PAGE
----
Silver demand expected to fall, with the one exception: jewelry

Ample supplies, due to increased mine production and the sale of stocks, outweighed sharp spurts in demand last year, holding down the price of silver, the Financial Times reported.


However, just as supply issues begin to look more favorable in the current year, demand could tail away in key areas, according to the annual World Silver Survey, released by the US-based Silver Institute.


The saving grace for silver demand is jewelry, according to the report.


The report says increased use of silver in industrial applications was the ”prime driver” behind the rise in the total demand last year. Overall, world silver fabrication demand grew by more than 5%, while use in industrial applications, such as semiconductors and cellular phones, rose by 11% to 378 million ounces.


But these areas are being seriously affected by the US economic slowdown. Philip Klapwick of Gold Fields Mineral Services, which compiled the report, said industrial applications demand will slow in 2001 and could be weaker than last year.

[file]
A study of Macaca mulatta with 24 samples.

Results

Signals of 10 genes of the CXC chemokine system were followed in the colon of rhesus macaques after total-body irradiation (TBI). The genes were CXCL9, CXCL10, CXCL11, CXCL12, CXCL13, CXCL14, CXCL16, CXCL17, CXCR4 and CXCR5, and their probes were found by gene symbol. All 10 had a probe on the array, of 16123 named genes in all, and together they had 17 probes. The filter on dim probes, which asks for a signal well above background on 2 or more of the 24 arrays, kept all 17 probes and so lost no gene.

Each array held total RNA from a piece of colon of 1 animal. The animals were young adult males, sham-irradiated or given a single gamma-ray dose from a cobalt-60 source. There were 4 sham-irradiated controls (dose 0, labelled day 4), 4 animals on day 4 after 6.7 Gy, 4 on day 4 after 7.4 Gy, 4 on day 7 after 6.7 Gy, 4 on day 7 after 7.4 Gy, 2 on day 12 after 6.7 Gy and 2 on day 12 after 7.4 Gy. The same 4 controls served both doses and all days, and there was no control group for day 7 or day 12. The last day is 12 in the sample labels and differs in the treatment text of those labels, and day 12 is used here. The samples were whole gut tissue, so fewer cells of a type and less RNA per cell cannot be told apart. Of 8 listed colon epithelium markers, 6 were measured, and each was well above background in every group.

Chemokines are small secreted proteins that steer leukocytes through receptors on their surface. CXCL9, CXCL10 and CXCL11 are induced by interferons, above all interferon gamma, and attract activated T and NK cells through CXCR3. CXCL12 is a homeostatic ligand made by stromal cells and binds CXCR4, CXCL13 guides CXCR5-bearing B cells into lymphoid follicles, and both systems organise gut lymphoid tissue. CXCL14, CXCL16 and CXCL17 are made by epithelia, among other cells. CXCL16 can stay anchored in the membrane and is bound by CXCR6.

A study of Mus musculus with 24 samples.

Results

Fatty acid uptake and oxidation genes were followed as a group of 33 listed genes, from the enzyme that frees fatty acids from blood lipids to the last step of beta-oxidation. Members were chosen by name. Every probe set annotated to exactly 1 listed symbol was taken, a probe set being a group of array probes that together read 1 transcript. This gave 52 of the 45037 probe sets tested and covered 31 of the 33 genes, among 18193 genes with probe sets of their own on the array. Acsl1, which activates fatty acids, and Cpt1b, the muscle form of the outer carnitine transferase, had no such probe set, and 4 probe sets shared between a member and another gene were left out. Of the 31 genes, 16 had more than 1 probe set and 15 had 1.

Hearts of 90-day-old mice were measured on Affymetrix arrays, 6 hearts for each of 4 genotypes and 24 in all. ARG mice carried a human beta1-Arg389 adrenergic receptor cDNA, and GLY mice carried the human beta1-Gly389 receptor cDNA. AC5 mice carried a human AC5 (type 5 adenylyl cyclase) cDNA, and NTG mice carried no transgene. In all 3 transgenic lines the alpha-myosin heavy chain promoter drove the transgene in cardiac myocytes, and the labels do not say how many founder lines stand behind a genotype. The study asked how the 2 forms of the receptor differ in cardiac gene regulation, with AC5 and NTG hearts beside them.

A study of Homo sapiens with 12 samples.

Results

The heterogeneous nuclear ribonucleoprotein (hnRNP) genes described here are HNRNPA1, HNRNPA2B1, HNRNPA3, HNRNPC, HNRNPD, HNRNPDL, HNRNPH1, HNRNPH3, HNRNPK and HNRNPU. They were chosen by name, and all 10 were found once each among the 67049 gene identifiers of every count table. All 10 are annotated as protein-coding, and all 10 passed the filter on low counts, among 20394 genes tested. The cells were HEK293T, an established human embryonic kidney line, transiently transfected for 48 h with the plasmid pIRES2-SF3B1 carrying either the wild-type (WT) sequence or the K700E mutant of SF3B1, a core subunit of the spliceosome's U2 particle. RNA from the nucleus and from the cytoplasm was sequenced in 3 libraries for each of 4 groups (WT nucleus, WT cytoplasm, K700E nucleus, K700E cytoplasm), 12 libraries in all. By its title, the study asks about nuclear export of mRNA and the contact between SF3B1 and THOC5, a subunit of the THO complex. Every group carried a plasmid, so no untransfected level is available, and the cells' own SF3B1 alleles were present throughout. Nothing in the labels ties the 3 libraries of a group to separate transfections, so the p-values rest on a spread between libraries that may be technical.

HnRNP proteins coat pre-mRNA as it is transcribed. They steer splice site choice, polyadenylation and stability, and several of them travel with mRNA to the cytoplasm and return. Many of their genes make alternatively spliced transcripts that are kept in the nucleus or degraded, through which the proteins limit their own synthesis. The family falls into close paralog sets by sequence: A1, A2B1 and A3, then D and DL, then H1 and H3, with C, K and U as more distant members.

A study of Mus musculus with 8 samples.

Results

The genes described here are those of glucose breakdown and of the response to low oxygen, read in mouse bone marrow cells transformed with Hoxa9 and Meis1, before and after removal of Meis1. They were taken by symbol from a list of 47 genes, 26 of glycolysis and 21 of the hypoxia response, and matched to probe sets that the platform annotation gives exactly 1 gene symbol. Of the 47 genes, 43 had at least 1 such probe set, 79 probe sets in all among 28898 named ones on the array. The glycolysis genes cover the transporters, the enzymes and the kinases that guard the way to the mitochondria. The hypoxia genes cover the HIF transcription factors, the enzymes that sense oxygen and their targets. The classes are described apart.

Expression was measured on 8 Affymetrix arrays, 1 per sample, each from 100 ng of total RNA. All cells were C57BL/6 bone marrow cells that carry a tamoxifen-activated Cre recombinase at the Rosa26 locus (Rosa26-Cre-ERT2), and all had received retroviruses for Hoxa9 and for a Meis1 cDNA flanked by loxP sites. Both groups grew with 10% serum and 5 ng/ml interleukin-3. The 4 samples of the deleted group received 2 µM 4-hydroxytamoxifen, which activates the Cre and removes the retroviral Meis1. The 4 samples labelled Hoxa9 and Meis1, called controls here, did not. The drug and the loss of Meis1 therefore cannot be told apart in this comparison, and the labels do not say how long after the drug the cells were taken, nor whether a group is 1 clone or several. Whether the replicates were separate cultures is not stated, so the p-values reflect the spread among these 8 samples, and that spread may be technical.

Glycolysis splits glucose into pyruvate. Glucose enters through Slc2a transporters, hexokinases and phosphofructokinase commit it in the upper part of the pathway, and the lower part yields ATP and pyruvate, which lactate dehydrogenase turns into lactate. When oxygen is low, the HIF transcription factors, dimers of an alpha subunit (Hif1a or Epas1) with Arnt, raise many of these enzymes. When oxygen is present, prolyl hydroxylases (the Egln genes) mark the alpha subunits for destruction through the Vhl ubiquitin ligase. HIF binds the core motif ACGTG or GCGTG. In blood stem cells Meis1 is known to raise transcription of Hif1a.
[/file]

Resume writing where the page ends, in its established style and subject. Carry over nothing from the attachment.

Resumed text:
”We’re not going to see 11% growth this year. It will be lower-and possibly not just the growth rate. The actual number [378 million ounces] could fall a bit,” he said, the Financial Times reported.


Mr Klapwick said slower economic growth trends could also affect silver’s use in photography but was more upbeat about jewelry.


In 2000, jewelry and silverware fabrication rose by about 3%, and Mr Klapwick suggested that current price levels, coupled with some ”trading down” from gold products by end-customers, could help sustain demand in 2001. ”We’re hearing some very positive noises from India,” he said, the Financial Times reported.


The report estimates that mine production rose by almost 7% in 2000, with global output reaching 589.4 million ounces. This was augmented by significant sales of bullion stocks-notably by China, where the survey estimates that sales were just below 58 million ounces.


The survey plays down suggestions that investor Warren Buffett was a significant factor in the market. ”The balance of evidence suggests that the stocks famously held by Warren Buffett were not among [those sold in 2000],” it says, citing ”strong anecdotal evidence” that his position was largely intact early in 2001, the Financial Times reported.


The survey suggests supply trends could improve in 2001: ”This year, there is a possibility that some of the supply side pressure could ease. It is conceivable that Chinese sales will diminish further. Also, we doubt that growth in mine production will be repeated on last year’s scale,” it says.